An American decision to postpone its strike on Syria until Congress approves it leads the news in Arab dailies Sunday.
“Syrian strike awaits a vote from Congress,” reads the headline of Saudi-owned daily A-Sharq Al-Awsat, featuring an image of President Barack Obama standing next to his deputy Joe Biden and explaining the administration’s decision on Syria at the White House.
“US President Barack Obama threw the ‘ball’ of an American attack in Syria into the court of Congress, asking the latter to vote on any military action, despite his assurance that he maintains the authority to carry out a strike,” reads the article.
Qatari news channel Al-Jazeera points to an apparent inconsistency in Russia’s policy on Syria. While President Vladimir Putin called the accusations against the Syrian regime “pure nonsense,” Russia nevertheless decided to postpone an arms deal with Syria, which “raises questions regarding a Russian contradiction in supporting Syria between the political level and battles on the ground.”
Meanwhile, London-based daily Al-Hayat reports that Putin is trying to convince Obama to postpone the strike on Syria.
“Moscow has thrown its entire weight yesterday behind an attempt to thwart a possible military strike against the Syrian regime outside the framework of the Security Council. President Vladimir Putin entered the fray, calling on Washington to expose its ‘secret’ evidence and claiming that failure to do so means it’s nonexistent,” writes the daily’s correspondent in Moscow.
“It seemed as though developments within the ‘Western camp’ have increased Moscow’s appetite to place more pressure on its allies in a bid to curb the tendency to strike before international investigations are completed and discussed at the Security Council,” reads the article.
Columnists in mainstream Arab media are critical of the hesitancy of the American administration towards Syria, and many express cynicism at the inaction.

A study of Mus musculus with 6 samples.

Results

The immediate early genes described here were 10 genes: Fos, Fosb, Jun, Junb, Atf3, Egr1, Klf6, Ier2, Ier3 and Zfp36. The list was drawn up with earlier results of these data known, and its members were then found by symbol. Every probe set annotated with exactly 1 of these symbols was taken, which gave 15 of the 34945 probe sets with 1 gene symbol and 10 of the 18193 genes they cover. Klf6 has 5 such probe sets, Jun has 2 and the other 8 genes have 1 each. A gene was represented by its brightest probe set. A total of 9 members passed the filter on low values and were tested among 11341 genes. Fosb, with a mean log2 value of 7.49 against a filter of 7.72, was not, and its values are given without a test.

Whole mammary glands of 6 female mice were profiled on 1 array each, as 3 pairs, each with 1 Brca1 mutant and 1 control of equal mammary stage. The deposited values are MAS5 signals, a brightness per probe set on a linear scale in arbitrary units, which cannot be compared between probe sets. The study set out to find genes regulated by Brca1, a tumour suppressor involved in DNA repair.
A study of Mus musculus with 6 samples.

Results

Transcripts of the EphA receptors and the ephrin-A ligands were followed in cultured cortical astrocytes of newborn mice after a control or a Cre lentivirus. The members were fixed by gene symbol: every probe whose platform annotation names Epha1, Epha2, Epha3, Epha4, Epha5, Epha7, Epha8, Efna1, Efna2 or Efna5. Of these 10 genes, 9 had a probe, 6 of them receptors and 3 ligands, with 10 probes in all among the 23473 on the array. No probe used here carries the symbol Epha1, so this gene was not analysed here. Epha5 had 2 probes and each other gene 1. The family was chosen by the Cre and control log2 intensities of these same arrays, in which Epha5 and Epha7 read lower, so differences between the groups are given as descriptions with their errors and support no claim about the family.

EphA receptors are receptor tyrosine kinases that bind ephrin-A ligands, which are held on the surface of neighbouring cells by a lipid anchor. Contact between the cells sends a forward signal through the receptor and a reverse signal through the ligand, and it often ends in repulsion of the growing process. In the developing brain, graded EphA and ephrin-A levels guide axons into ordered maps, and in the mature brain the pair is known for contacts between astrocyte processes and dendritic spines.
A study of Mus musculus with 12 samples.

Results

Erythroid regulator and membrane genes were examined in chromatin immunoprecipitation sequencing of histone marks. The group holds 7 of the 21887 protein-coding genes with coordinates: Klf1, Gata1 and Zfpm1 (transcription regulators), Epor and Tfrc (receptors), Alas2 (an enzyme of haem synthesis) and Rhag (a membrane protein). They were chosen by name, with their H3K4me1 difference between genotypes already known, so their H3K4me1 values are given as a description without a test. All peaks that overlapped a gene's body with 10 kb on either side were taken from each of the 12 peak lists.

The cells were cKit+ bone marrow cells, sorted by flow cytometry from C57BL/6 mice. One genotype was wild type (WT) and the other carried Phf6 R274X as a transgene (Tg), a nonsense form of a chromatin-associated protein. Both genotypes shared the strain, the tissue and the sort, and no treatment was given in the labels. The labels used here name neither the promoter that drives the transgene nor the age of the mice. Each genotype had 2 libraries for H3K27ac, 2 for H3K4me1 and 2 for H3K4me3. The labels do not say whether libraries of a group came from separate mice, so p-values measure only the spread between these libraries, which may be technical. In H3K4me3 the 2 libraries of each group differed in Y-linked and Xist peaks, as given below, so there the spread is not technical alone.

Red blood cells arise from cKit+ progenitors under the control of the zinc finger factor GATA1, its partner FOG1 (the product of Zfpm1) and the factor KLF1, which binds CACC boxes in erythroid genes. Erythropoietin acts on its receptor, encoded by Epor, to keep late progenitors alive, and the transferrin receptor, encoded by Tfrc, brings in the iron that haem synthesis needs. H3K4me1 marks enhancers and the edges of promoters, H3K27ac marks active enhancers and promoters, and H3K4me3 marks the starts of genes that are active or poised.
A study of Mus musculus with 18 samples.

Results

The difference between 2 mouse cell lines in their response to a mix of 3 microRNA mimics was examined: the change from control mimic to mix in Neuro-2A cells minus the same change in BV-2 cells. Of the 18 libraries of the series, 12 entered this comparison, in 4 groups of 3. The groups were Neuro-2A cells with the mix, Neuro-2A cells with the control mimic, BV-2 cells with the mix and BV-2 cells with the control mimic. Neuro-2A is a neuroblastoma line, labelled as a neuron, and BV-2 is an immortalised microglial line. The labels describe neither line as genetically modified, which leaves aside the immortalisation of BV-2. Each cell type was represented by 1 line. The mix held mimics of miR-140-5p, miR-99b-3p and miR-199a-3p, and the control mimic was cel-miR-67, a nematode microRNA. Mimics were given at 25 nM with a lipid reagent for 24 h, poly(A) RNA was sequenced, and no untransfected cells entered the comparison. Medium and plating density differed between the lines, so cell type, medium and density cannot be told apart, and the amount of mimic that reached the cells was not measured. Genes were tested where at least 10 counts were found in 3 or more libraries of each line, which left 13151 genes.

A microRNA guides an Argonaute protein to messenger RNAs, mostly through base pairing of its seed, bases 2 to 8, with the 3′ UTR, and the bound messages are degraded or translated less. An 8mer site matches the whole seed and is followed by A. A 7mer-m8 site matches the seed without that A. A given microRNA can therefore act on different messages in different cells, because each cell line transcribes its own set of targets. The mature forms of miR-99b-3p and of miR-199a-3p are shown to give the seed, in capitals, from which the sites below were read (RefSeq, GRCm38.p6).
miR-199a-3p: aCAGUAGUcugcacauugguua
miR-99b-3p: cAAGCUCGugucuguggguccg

“Obama continues to try and understate the strike against the Assad forces, saying it is limited, measured and quick. He further claims it is not a war and not intended to topple the regime. The only thing left for him is to inform Bashar of the coordinates of the sites being targeted so that he can vacate them and of the length of the attack so that Bashar and Maher and the other pillars of the regime can take their summer vacation as soon as it ends!” writes A-Sharq Al-Awsat columnist Mushari Al-Thaidy.
“Obama is wading in water he hates wading in. The worst news his men informed him of was the news that Assad’s forces used banned chemical weapons. By doing so, the Assad forces will have stepped on Obama’s ‘red line,’ leaving Obama no choice but to prove the seriousness of the American warning,” he continued.
“Relax, it’s a ‘limited’ strike,” reads the headline of an op-ed by Elias Harfoush in Al-Hayat, claiming that an American attack in Syria is inevitable, even if long overdue.
“Obama didn’t wish for a predicament like this. He avoided it until the moment when avoiding it would mean a defeat for America itself, unparalleled by any defeat but the one America may face in the actual war,” writes Harfoush.
“Obama sat in his oval office for two and a half years, counting the tens of thousands of Syrian victims… What has the US president done in this period? Nothing! Until last August with a slip of the tongue he made the ‘mistake’ of warning Bashar Assad against crossing the ‘red line’ of using chemical weapons against his people.”
“The Syrian regime could only understand this as a message of truce by Obama, implying: ‘kill as many of them as you like, and in numbers that will not plague your conscience. Use only weapons that will not embarrass me in the eyes of the world, showing me as a weak leader of a strong United States.”
Al-Jazeera’s new America channel irks ‘Israelis’ and ‘Jews’
Al-Jazeera dedicates an article on its website to Israeli and “Jewish” reactions to the recent launch of the new channel “Al-Jazeera America.”
In the article, titled “Israeli researches open fire on ‘Al-Jazeera America,’ reporter Salah Al-Naami in Gaza reviews three editorials in Israeli newspapers and news websites critical of the new channel and considering it “a service to Islamic extremism.”